On cool, crisp evenings, our family often builds a small fire in our fire pit to roast s’mores. On cold, dreary mornings, you can find us in our den with the gas logs flaming. There’s nothing quite like a good fire.
And by good, I mean comfortable. Roasting s’mores or turning on gas logs provides comfort as long as we maintain a dedicated distance and follow necessary safety precautions. Assuming we’re in control of it, “there’s nothing like a good fire.”
What scares us is when a fire gets out of hand. A loosed fire is anything but comfortable. Its wild nature grows dangerous, as we’ve seen in news stories about uncontrollable wildfires in the western US. So, given our experiences with fire, how will we approach today’s story of the first Pentecost? How close should we get to this account and what it might mean for today’s church?
Many of us want our religion to feel as comfortable as gas logs on a cold morning. We maintain so many rules and boundaries to ensure our safety that sometimes that seems to be our sole focus. But should safety be the church’s primary goal?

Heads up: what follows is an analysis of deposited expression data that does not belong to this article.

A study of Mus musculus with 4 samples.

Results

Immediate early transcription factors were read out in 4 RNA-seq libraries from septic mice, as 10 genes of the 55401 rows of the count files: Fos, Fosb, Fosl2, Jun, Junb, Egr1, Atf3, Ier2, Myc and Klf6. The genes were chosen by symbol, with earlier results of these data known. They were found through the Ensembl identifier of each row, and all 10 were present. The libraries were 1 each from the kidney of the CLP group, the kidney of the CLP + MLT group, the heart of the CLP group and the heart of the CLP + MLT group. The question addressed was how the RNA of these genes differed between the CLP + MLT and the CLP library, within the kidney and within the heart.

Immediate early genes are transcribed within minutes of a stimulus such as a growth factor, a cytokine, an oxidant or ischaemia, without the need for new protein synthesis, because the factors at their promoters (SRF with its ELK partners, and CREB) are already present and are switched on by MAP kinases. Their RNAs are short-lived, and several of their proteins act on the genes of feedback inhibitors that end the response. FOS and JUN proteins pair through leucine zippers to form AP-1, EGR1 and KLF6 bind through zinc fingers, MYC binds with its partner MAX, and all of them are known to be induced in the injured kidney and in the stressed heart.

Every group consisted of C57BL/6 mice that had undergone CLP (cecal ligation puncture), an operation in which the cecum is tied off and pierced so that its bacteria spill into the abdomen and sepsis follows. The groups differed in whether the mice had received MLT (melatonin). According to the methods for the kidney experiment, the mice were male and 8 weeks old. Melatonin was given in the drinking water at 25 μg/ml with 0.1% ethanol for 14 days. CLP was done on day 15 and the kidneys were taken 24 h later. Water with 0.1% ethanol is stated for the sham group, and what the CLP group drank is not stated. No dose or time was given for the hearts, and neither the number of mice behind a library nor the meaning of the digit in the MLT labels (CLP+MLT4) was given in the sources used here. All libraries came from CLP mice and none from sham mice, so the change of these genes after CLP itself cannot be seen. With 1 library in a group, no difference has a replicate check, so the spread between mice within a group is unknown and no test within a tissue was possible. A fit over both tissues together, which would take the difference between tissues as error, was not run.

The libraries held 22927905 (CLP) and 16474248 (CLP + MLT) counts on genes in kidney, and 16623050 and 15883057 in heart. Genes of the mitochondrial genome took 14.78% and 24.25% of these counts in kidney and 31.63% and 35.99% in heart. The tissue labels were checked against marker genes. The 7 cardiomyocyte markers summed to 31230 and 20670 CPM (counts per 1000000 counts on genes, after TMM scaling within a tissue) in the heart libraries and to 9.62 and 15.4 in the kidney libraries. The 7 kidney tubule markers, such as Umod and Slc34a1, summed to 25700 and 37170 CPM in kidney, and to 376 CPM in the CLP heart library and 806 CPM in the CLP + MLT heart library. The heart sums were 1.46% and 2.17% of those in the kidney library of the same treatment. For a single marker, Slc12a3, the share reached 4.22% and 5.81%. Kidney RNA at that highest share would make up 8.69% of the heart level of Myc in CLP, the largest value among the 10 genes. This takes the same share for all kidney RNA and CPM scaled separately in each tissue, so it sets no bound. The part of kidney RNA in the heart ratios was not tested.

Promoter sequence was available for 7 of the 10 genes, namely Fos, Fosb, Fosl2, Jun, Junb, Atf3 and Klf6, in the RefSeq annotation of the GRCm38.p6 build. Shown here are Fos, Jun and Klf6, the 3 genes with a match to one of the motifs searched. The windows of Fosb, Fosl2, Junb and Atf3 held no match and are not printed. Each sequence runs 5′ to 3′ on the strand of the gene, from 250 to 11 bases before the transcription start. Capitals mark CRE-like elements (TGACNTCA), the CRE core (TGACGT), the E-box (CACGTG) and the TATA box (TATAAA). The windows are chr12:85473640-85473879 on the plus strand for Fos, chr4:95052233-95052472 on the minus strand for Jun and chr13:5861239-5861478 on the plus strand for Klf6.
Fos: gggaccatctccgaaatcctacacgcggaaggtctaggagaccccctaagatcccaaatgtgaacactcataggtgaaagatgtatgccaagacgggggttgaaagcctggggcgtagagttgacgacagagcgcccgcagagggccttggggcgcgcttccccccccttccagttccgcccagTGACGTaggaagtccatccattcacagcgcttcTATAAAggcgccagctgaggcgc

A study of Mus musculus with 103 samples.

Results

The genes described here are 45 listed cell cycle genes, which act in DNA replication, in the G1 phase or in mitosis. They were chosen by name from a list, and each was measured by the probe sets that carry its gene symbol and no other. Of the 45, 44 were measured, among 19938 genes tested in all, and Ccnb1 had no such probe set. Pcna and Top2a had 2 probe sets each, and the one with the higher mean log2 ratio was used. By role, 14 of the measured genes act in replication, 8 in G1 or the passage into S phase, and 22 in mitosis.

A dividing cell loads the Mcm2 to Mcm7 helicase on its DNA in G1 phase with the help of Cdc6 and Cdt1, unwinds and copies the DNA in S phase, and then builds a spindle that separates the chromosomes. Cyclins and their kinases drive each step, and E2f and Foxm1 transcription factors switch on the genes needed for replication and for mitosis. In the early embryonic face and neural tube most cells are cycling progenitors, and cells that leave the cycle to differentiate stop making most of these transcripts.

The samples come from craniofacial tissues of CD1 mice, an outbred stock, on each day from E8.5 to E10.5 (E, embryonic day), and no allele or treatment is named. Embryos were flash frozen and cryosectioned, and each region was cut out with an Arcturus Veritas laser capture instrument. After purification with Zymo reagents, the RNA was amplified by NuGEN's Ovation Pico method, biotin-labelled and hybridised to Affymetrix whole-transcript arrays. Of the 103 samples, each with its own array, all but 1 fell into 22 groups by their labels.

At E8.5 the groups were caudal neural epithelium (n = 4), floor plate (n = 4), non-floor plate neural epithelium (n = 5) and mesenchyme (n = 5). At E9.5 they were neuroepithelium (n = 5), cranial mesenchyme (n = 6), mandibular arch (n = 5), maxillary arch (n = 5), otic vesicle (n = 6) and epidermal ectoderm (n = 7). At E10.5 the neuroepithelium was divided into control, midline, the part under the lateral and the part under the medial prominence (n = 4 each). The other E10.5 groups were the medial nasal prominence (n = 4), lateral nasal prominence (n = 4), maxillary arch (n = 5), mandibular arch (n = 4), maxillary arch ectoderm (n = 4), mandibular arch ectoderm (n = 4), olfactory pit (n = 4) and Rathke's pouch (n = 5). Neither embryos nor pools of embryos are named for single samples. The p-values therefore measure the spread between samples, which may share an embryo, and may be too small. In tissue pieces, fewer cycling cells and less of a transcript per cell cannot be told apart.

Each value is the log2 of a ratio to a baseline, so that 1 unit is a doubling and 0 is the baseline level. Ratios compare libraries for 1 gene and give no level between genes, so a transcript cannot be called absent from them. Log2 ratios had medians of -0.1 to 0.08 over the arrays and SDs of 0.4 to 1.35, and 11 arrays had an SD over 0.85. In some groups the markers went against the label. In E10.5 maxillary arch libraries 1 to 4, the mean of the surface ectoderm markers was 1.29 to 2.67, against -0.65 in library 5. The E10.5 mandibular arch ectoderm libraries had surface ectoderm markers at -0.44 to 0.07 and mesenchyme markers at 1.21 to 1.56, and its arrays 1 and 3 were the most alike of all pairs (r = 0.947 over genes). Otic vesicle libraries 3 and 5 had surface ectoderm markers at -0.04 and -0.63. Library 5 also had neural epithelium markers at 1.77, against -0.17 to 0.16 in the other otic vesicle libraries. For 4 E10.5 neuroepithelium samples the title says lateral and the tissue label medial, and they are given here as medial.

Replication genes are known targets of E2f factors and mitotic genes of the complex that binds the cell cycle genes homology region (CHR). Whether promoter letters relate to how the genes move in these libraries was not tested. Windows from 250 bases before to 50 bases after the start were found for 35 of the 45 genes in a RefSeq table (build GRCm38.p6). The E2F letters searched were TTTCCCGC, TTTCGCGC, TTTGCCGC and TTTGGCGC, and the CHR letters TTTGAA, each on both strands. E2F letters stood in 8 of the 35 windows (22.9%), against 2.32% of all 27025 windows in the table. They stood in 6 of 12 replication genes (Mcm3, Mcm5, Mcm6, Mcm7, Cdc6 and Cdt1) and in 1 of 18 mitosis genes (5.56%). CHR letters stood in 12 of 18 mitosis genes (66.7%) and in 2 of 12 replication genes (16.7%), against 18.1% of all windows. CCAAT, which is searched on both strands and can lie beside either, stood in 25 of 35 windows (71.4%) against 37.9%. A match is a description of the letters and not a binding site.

The earliest Christians learned on Pentecost that while God’s Spirit cannot be controlled, it gives life rather than destroys it. When we try to limit where God’s Spirit might burn, we fail to see and celebrate how God unleashes the Spirit so the world will experience new life.
May this be the day we put down the poker stick and stop trying to control the gift of God’s life-saving warmth. May we start helping the world understand the new life God unleashes among us. Let us recognize the yearning for truth that burns within us and name its source. This is God’s Spirit, which is anything but controlled.
In what ways do you try to tame or control God’s Spirit? What would it look like to let it loose?
God, teach me to see and celebrate the Spirit’s presence in the world. Amen.